June 5, 1977: Boasting memory that is equivalent to a tiny modern image file, the Apple II was released to great fanfare on this day in 1977.
Costing $1,298 in dollars of the day (equivalent to about $5,000 today), the personal computer – with just 4 KB of random-access memory – was a pricey but still affordable option for consumers who wanted it in their homes. Budding programmers could learn the tricks of the trade courtesy of a simple programming module on the system.
Later sales of the computer were boosted with the addition of a floppy disc drive. This allowed consumers to transport information to and from the computer to similar models.
Personal computers became popular in schools and businesses in the 1980s, and had almost fully penetrated the consumer market in North America and Europe by the late 1990s.
Additionally, the wide popularity of the Internet in the mid-1990s made computers a near must-have for most workers and schoolchidren.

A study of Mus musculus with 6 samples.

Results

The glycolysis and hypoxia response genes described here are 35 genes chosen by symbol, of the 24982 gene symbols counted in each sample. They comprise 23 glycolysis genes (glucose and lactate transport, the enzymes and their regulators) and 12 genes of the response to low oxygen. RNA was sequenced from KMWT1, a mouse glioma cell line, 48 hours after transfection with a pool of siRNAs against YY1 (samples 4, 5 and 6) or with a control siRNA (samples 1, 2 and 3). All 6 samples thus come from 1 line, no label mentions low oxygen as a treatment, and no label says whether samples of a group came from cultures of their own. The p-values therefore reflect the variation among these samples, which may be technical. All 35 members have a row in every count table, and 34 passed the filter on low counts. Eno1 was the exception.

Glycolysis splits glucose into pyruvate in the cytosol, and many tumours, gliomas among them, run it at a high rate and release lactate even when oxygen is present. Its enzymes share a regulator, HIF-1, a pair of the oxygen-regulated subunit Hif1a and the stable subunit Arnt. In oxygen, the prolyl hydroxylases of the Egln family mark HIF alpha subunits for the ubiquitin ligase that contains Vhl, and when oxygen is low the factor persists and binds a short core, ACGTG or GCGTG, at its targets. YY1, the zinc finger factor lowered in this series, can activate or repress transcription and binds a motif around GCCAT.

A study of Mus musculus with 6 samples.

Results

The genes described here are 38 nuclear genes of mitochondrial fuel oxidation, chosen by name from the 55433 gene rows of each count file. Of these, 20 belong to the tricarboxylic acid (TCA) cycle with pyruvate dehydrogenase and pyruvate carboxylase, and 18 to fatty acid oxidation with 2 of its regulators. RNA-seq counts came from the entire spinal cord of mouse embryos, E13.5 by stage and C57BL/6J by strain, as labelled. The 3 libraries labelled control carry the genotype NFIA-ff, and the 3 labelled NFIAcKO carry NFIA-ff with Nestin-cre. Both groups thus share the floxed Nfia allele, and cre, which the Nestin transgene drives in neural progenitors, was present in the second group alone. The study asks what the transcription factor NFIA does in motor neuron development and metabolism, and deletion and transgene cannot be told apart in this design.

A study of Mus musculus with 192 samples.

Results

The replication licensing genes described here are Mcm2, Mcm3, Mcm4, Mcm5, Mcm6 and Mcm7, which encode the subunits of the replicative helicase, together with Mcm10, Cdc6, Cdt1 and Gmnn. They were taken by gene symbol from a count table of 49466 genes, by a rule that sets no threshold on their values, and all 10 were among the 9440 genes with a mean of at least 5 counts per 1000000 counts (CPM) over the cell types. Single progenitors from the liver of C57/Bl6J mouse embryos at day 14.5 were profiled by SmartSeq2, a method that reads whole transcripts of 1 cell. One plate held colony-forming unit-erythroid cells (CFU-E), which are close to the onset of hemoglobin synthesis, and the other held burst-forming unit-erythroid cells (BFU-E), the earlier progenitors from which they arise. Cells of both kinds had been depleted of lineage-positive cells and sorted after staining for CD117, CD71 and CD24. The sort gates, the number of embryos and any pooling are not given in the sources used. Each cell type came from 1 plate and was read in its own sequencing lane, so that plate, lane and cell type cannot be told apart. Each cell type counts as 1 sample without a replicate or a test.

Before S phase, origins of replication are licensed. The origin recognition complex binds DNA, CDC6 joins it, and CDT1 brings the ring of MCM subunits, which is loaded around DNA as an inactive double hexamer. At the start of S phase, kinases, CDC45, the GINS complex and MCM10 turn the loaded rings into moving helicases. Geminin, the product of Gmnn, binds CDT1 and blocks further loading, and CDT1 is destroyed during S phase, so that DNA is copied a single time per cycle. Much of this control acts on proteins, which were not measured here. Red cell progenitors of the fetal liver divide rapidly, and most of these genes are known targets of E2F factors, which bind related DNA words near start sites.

Elizabeth Howell is an award-winning Canadian journalist who can't stop talking about space and science. As a teenager, she saw the movie Apollo 13 and wanted to be an astronaut. That hasn't happened - yet - but at least she gets to write about them. Elizabeth's favourite career moments so far include attending three shuttle launches, and legitimately writing the word "snot" into a Mars Curiosity story. Besides EarthSky, you can read Elizabeth's work in SPACE.com, Universe Today, SEN.com, All About Space and other fun places. Elizabeth's space obsession extends to her hobbies; she's a big fan of Battlestar: Galactica and has met all five TV Star Trek captains. She even visited Captain Kirk's future birthplace in small-town Iowa.